The undercover FBI probe began in 2015, with agents launching an investigation of the “Brown Brother Hood” street gang based in Vallejo.
By the time the first criminal charges were filed Monday, the probe stretched to Sacramento and involved the purchase of numerous assault rifles, pistols and pounds of methamphetamine.
The feds finally swept in after the increasingly nervous suspects used a high-powered rifle with a scope two weeks ago to blast out a surveillance camera that had been planted on a pole outside a suspect’s home since May, court documents say.
The two men charged in the case made brief appearances in federal court Thursday and were ordered held pending further proceedings.
His co-defendant, Lionel Ornelas, faces meth charges in the case.
The probe started as an investigation into the “BBH” street gang, which court documents say is tied to the Mexican Mafia and is responsible for slayings, robberies and drug and weapons sales in Solano County.
Over the past nine months, court documents say, a confidential source was able to purchase illegal firearms, ammunition and drugs from Alvarez and his associates, starting with an April 13 deal where the FBI’s source paid $1,000 to Alvarez for a pistol and $1,300 to another man for an M&P15 assault rifle.
The buy went down in the garage of Alvarez’ home on Basalt Drive in Vallejo, court papers say, and within weeks authorities had placed a surveillance camera on a pole near the home.
The buys continued, with the FBI source purchasing a 9 mm pistol for $700 in one deal, and buying another 9 mm and a .357-caliber pistol for a total of $1,200.
By Nov. 30, court papers say, the source had purchased another 18 assault-style rifles, handguns and magazines, as well as more than two pounds of suspected methamphetamine.
The origin of the various weapons is not disclosed on court documents, although they do say one was reported stolen out of Lake County and Alvarez is quoted as discussing “an individual who manufactures automatic assault-style long guns.” Such weapons, known commonly as “ghost guns” because they carry no serial number or other identifying features, have been the focus of a federal crackdown in recent years.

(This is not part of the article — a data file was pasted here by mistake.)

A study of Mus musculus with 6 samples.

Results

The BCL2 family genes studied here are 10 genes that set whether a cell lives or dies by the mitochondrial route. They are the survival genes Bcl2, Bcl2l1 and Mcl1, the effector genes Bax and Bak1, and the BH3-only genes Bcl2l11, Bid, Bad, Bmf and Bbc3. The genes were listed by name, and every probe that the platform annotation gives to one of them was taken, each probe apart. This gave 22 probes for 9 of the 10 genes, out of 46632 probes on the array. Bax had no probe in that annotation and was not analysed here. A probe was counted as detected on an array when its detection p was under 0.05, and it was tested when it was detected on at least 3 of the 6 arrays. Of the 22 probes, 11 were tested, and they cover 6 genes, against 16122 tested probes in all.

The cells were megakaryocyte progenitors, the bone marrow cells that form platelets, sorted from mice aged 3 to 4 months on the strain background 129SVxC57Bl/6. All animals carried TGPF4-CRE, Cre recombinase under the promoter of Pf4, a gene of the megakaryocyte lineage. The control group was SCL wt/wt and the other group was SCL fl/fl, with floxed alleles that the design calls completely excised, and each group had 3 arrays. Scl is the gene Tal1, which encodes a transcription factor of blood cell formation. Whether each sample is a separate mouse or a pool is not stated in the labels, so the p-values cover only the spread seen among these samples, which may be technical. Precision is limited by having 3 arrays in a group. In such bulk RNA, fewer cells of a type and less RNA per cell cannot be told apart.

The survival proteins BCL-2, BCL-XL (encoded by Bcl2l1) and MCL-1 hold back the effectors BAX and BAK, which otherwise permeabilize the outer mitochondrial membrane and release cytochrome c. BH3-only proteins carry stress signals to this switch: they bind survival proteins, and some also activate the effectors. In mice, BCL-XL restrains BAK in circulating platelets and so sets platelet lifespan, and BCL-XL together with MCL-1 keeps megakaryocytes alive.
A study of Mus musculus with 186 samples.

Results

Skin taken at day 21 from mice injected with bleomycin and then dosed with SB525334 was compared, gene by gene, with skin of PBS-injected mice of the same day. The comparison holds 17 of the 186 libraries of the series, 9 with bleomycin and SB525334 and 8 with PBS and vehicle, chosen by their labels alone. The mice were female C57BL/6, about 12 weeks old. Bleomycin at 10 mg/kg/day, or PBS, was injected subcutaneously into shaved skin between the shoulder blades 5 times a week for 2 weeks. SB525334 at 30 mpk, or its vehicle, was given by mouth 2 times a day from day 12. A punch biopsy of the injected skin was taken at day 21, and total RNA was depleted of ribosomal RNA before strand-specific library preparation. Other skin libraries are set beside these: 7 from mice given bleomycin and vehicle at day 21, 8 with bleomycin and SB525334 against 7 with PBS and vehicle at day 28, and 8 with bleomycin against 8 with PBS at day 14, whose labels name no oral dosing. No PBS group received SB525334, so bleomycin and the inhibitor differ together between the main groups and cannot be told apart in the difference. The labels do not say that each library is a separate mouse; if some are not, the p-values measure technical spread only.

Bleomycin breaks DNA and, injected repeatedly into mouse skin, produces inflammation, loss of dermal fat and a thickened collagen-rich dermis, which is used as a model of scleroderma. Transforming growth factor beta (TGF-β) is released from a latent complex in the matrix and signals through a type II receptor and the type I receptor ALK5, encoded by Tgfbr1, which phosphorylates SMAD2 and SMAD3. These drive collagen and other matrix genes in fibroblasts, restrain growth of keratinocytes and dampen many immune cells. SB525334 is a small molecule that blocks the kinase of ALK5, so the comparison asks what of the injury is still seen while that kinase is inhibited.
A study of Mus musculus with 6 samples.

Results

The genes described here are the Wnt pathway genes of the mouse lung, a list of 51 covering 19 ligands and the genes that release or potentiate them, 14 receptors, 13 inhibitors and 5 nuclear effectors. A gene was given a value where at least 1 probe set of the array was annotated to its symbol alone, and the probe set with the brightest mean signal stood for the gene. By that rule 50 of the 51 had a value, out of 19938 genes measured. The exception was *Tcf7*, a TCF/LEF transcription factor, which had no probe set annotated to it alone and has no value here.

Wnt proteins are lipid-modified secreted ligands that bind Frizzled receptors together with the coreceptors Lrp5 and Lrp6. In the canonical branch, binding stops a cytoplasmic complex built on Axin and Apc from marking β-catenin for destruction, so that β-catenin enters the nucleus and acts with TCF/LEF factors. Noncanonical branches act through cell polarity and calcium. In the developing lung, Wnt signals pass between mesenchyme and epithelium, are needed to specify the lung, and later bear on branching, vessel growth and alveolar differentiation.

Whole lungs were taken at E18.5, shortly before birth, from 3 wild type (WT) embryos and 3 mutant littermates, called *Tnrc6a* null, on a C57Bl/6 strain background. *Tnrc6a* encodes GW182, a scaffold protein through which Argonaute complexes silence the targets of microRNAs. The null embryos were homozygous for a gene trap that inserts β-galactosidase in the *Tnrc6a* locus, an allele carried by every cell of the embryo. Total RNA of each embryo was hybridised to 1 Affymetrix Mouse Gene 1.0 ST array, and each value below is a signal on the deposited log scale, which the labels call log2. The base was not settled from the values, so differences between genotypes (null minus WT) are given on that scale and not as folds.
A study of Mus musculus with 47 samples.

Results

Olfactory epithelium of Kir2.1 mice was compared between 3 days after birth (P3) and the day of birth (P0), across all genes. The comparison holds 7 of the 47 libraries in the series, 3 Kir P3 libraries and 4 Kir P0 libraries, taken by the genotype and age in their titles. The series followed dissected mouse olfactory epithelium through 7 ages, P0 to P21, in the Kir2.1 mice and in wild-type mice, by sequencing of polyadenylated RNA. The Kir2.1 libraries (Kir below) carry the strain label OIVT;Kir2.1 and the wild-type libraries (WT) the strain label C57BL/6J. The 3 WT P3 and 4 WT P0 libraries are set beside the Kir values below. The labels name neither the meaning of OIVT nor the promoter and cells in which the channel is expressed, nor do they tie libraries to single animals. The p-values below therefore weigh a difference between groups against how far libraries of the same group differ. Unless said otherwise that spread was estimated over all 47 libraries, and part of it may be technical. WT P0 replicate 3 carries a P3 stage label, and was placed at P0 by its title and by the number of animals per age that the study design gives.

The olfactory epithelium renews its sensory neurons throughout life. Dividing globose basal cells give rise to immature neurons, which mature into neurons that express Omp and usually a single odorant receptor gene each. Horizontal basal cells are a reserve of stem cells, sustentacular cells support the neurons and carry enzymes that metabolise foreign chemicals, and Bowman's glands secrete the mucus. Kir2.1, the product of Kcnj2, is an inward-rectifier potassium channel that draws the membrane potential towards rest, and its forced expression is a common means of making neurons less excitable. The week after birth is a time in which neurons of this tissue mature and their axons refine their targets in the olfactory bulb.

Alvarez moved to a Sacramento apartment on Center Parkway at some point over the summer, court records say, and continued working deals out of Vallejo.
But he apparently was becoming nervous about being detected, court papers say, checking the undersides of vehicles he drove.
“Surveillance units noted that it appeared as if Alvarez was looking for tracking devices,” according to an affidavit filed by Solano County sheriff’s Detective Coy Caulfield.
When he arrived near his old neighborhood in Vallejo on Nov. 30, Alvarez “appeared to be taking counter-surveillance measures while driving,” Caulfield’s affidavit says.
At about the same time, another man was seen standing near the driveway of Alvarez’ former home in Vallejo holding a rifle with a scope.
“The man aimed the rifle directly at the pole camera,” court papers say, then walked close enough to the camera with another man until they disappeared from view.
“Moments later, the pole camera’s lens appeared to be struck by a bullet, which created a small circular hole in the lens and small fractures,” the affidavit says.
Even with that damage, the camera continued to work until a man approached it again with a rifle.
“Then, it appears that the camera was shot multiple times, as the view from the lens became completely distorted,” the affidavit says.
The confidential source had planned to meet up with Alvarez that day to buy four assault rifles and four handguns, court papers say, but Alvarez did not call the source as planned.
After that incident, “the FBI decided to cancel the operation for safety reasons,” and the criminal complaint was filed in federal court in Sacramento.